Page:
Podcasts from public radio stations in Vermont and Chicago, and television stations in Roanoke, VA, and Milwaukee were among the winners of the 2021 National Edward R. Murrow Awards. The Radio Television Digital News Association-sponsored awards recognized more than 100 outlets for outstanding work in digital, radio and television journalism in technical and editorial categories.
The podcast winners include Vermont Public Radio, which won best podcast from small market radio for its series Brave Little State. What if you could decide what stories Vermont Public Radio should be covering, before they're even assigned? That's the idea behind Brave Little State.
WBEZ Chicago won best podcast from large market radio for the third season of its podcast Motive. It examined the origins of the youth white supremacist movement in America.
The Murrow winner from network radio is American Rehab. The series from The Center for Investigative Reporting and PRX exposed how a treatment for drug addiction has turned tens of thousands of people into an unpaid, shadow workforce.
Local television news teams have also embraced podcasting and a pair of TV outlets is also being recognized by the RTDNA. In the small market television category, WDBJ-TV Roanoke-Lynchburg, VA won for its series Hometown Stories Episode 4: Great American Outdoors Act. It looked at whatthe Great American Outdoors Act has meant for the region.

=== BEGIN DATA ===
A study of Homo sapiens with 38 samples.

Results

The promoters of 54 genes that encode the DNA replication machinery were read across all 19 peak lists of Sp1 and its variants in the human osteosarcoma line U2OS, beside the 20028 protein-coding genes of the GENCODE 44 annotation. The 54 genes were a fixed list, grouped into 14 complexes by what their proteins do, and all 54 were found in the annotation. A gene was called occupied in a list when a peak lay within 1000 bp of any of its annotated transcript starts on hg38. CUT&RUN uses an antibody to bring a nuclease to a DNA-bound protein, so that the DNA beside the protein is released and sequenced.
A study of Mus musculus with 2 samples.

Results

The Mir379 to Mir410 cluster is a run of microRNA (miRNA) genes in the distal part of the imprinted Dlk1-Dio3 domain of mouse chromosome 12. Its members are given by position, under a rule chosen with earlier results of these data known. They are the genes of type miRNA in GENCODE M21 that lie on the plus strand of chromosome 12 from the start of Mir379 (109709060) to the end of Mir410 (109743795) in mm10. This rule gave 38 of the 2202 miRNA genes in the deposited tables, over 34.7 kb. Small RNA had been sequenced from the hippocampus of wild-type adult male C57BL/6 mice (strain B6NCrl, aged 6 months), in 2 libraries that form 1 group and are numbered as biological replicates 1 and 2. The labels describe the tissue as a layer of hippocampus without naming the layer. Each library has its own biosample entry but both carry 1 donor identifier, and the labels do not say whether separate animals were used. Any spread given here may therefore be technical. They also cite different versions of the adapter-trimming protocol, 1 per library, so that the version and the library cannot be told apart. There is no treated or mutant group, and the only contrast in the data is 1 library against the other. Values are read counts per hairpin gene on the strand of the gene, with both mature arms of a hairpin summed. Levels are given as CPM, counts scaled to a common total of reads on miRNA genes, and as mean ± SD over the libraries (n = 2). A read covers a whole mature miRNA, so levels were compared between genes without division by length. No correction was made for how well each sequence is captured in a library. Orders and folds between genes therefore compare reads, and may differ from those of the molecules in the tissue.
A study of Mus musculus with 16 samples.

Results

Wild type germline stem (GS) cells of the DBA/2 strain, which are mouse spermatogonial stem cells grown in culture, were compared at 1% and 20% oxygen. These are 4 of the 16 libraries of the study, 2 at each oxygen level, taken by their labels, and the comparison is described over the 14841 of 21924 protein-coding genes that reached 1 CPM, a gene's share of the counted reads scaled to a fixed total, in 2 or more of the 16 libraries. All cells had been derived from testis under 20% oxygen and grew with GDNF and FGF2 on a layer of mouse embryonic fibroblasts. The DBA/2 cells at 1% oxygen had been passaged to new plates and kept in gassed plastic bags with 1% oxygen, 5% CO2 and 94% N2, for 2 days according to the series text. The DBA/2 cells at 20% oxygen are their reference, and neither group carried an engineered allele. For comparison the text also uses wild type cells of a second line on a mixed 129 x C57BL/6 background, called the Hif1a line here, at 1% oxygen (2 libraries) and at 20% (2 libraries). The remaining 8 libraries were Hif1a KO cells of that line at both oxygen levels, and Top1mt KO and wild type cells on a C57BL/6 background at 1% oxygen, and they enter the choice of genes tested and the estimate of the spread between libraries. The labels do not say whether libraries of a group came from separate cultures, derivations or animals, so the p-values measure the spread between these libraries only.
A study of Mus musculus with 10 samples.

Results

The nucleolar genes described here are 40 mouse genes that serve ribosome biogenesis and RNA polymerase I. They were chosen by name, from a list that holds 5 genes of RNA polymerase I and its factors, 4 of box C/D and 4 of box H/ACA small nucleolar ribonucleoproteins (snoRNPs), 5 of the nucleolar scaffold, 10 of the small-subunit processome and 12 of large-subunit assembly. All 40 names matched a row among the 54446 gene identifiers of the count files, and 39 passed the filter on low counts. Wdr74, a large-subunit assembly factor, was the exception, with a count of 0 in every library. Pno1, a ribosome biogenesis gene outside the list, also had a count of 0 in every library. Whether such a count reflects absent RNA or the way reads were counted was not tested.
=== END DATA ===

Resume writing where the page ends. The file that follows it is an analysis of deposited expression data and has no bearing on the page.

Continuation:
WITI-TV Milwaukee was named the winner in the large market television category for its podcast Open Record.
In the network television category, the podcast I’m Not A Monster took the Murrow. It told the story of an American family’s journey from Indiana to the Islamic State group’s caliphate and back.
Among the digital news organizations, Birmingham-based Alabama Media Group won a Murrow for its podcast Reckon Radio: Unjustifiable. Each season of Reckon Radio tells one in-depth story with Southern roots. The Unjustifiable season examined the 1979 police officer shooting of a Birmingham woman.
In the large digital news organization category, the winner is the Washington Post’s podcast Canary: The Washington Post Investigates. It tells the story of how one woman’s public sexual assault warning gives voice to a devastating allegation.
The RTDNA also selected one national student winner. It gave its excellence in podcasting prize to Arizona State University’s Walter Cronkite School of Journalism for Kids Imprisoned Episode 1: The ununited state of juvenile justice. It examines how kids in the juvenile justice system have dramatically different outcomes based on the laws in the places they live and the adults who happen to be involved in their cases.
"A core pillar of RTDNA is celebrating the best in journalism," RTDNA Executive Director Dan Shelley said in the announcement. "The past 18 months have been some of the most challenging in the history of our profession, and these recipients — among thousands of other journalists — clearly fulfilled their obligations to serve the public."
Winners will be recognized at RTDNA's Murrow Awards Gala in New York on Oct. 27. A full list of winners can be viewed HERE.